When Christ was on the cross and he looked at the Roman soldiers who were killing him and said, “Forgive them Father, for they know not what they do.” Does this mean that God forgave them and they will be in heaven or did he just forgive them for those sins and not the ones afterward?
Where do believers go after death? Do they go straight to heaven, or a lower level of heaven, or a waiting room? In 1 Thessalonians it talks about the dead in Christ rising. Where do dead believers rise from?
Recently the topic of fear came up in a family discussion. I made the statement that it isn’t wrong to be afraid. (ie: night before surgery, facing a dangerous situation like cancer) What is wrong is if we allow fear to overpower us. Being fearful and stepping out in faith anyway shows our trust in God that he is going to do what he says. Can you help me back this up with scripture?
I was reading your answer about the 2 legs of the statue in Daniel that they were indicative of two Romes (I’ve also heard it taught that they are indicative of the two halves of the empire of the Seleucids) But I started wondering then, by that logic the chest and arms would also have to be representing three different parts of the Media-Persian empire, wouldn’t they?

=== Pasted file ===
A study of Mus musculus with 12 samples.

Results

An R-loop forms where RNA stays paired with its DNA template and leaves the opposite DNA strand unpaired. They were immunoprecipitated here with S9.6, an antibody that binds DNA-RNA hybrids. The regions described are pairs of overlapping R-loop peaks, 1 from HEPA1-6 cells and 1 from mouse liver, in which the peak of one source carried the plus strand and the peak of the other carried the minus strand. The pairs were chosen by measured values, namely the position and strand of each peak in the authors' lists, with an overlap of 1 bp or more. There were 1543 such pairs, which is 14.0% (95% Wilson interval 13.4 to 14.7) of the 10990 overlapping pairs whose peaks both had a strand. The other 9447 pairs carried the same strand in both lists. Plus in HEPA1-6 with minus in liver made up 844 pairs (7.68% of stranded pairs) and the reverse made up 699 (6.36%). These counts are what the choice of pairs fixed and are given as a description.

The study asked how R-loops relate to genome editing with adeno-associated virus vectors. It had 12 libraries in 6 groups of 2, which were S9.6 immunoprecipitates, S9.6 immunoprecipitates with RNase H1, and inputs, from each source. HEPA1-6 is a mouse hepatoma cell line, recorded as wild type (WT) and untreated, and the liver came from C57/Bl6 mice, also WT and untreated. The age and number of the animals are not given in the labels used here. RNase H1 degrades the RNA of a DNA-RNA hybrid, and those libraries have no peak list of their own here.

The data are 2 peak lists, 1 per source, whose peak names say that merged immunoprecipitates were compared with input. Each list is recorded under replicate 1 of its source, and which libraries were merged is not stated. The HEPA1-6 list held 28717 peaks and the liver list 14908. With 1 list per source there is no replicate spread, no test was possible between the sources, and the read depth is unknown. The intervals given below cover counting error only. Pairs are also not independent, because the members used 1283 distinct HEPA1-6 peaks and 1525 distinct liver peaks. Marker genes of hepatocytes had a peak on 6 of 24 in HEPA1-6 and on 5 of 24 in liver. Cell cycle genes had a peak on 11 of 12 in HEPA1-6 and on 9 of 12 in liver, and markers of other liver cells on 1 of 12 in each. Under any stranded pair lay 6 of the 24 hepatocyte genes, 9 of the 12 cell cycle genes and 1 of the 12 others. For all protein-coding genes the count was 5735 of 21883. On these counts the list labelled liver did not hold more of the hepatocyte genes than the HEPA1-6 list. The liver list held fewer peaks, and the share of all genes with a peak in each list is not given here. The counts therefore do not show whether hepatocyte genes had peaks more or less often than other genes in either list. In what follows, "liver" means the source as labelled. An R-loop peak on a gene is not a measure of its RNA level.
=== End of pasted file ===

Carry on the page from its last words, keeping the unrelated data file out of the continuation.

Comparing the references to water in John 3:5 and 1 John 5:6: The John 3:5 reference is considered by many (and I agree) to mean physical birth, yet the 1 John 5:6 reference is considered by some to mean baptism. I believe that 1 John was written, in part, to refute false teaching and to stress that Jesus did come in the flesh. Because of that, it seems that there would be consistency in the usage of the word ‘water’ between the two passages with each one referring to physical birth. Can you point out what I’m missing?